A Cubs winter that has been all about unsavory money issues just soured a little more Friday when the team was unable to reach agreement at the filing deadline with outfielder Ian Happ and is preparing for just its third arbitration hearing since 1993.
Happ, the Cubs’ union representative, took a hard line in his first winter of arb eligibility during the most unpredictable offseason for cases since the earliest years of the 47-year-old process — one major-league official calling the challenge of finding comparisons and negotiating positions after a 60-game season “bizarre.”
Most eligible players still ended up with 2021 agreements by the end of deadline day, including the four other eligible Cubs who entered the day unsigned: third baseman Kris Bryant ($19.5 million), shortstop Javy Baez ($11.65 million), newly acquired starting pitcher Zach Davies ($8.63 million) and catcher Willson Contreras ($6.65 million).
One agent who went through the process Friday said that despite the unprecedented challenges on both sides, teams seemed to be flexible and sympathetic to the context of the short season and COVID-19 impact on players.
Bryant and Baez, who have five All-Star selections, an MVP award and an MVP runner-up finish between them, each had miserable offensive seasons in 2020 but got raises of $900,000 and $1.65 million, respectively, over their 2020 base salaries.
Both are entering their walk years before free agency, as is Davies (who was acquired from the Padres in last month’s Yu Darvish salary-dump trade). Contreras is under club control through 2022.
Happ, who was in early MVP conversation halfway through the short season before slumping, was one of only 13 players who did not reach agreements with their teams in time to avoid filing for arbitration hearings.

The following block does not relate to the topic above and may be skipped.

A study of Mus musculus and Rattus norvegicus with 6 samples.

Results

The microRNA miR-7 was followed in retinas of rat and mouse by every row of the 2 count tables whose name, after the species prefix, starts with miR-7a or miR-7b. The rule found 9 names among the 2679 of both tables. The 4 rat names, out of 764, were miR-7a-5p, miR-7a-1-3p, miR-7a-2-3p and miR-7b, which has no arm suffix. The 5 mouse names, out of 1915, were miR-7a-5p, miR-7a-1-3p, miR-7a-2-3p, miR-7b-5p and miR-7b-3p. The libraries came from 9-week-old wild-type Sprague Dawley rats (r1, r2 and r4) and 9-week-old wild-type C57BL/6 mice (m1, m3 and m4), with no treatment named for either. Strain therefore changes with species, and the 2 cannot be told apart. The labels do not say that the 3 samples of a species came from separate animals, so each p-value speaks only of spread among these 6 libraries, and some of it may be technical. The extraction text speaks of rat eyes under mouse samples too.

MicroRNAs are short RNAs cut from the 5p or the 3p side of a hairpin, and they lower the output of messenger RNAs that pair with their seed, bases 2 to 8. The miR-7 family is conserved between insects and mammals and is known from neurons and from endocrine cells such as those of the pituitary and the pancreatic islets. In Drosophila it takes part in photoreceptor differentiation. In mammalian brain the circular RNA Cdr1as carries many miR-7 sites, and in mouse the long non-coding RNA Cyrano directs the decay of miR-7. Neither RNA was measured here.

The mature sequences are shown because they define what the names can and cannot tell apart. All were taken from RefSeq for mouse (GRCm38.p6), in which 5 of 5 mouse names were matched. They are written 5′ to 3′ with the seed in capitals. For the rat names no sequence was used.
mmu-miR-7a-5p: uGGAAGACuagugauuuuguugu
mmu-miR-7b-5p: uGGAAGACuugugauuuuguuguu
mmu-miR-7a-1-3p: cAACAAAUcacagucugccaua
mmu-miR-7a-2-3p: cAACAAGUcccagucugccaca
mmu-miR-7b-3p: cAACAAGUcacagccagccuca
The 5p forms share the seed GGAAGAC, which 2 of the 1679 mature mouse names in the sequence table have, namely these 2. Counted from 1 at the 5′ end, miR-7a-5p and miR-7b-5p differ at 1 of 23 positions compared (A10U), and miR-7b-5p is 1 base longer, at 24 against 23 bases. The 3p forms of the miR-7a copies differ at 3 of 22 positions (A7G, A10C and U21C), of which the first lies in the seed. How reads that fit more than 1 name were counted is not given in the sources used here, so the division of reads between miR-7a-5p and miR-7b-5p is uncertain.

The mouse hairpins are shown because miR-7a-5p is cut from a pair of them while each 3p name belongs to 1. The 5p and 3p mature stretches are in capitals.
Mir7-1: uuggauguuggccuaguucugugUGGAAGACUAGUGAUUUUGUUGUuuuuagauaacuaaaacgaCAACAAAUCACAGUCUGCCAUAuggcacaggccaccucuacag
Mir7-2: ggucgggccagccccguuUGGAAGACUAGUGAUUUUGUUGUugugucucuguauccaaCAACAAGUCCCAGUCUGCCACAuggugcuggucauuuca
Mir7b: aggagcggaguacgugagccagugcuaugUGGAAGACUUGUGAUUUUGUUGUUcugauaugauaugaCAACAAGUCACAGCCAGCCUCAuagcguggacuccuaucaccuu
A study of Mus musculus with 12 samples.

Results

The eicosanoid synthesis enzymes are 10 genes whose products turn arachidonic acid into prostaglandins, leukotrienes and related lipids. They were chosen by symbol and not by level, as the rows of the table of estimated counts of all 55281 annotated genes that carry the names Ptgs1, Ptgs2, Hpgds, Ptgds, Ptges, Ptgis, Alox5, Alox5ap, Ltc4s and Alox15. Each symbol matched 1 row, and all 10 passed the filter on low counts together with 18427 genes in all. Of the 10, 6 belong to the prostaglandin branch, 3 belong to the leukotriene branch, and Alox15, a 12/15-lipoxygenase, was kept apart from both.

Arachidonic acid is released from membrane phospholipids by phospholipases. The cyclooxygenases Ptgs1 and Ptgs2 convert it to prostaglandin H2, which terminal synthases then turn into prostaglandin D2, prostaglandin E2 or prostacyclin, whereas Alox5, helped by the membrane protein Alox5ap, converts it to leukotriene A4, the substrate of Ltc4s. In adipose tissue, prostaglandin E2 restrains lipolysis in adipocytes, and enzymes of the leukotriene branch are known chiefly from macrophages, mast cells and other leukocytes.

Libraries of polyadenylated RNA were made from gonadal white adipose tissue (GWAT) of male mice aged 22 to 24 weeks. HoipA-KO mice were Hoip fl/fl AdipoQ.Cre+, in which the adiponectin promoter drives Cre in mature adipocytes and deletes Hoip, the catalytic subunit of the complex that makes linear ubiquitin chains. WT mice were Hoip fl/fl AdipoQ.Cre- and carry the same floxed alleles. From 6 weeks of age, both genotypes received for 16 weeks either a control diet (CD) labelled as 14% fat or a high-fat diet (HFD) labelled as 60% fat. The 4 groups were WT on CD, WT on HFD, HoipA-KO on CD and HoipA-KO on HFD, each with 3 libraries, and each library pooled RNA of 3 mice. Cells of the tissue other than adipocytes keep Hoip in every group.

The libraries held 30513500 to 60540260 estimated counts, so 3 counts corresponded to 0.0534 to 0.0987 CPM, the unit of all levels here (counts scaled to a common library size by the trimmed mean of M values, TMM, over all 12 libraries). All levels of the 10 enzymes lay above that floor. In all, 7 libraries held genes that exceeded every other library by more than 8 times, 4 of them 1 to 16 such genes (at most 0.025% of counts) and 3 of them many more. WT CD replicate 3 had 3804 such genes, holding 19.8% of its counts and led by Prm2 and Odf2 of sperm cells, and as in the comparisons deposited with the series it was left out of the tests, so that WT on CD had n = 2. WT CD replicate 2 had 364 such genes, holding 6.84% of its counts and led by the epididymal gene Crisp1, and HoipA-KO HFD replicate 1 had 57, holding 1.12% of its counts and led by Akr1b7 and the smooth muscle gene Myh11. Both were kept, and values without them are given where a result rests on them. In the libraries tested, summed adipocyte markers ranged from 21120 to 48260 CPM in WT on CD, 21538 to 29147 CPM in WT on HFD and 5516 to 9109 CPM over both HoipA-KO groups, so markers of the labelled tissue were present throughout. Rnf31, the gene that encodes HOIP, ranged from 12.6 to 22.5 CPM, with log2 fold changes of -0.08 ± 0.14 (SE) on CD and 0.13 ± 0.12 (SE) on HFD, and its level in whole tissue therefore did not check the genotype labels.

The sides ultimately finished the day officially $850,000 apart, with Happ filing a figure of $4.1 million; the Cubs, $3.25 million.
Arbitrators must choose one figure or the other after hearing arguments from both sides.
Although sides technically have until a hearing starts to avoid that process and reach a settlement, all 30 teams have adopted in recent years “file-and-trial” policies that cut off negotiations once figures are filed, with rare case-by-case exceptions. The Cubs say they do not expect this to be one of those exceptions.
The Cubs are 5-2 all-time in arbitration hearings, including beating reliever Justin Grimm in 2018 and shortstop Ryan Theriot in 2010 in their only two hearings since Mark Grace lost to the team in 1993.
With spring training camps scheduled to open in about a month, health and safety permitting, Friday marked the final significant deadline for payroll matters, particularly as teams measure spending ability in a very slow-moving winter with a lot of revenue uncertainty still in play for 2021.
The Cubs still have not added a significant player to the organization since the departures of Jon Lester and Jose Quintana to free agency, Kyle Schwarber and Albert Almora to a non-tender decision and Darvish and Victor Caratini in a trade.
Friday’s agreements mean the cost-cutting Cubs have 12 players signed to big-league contracts for a total 2021 commitment of $119.89 million, before including Happ, pre-arbitration players and anyone they might add from the outside.
All but Jason Heyward (2023), Kyle Hendricks (2023) and David Bote (2024) are signed only through this season — providing as much roster flexibility as uncertainty long-term.
For a team that won the National League Central in 2020 and insists it expects to compete again in 2021 despite payroll-slashing behavior to the contrary, Friday’s events leave two big questions beyond the results of Happ’s hearing:
How much room in the budget do the Cubs have now to add anything of significance to fill rotation, bullpen, outfield and catching needs?
And how many of those who signed Friday will survive the winter trade market to open the 2021 season?
For how close the baseball calendar is to the start of spring training, the offseason for the Cubs might just be starting.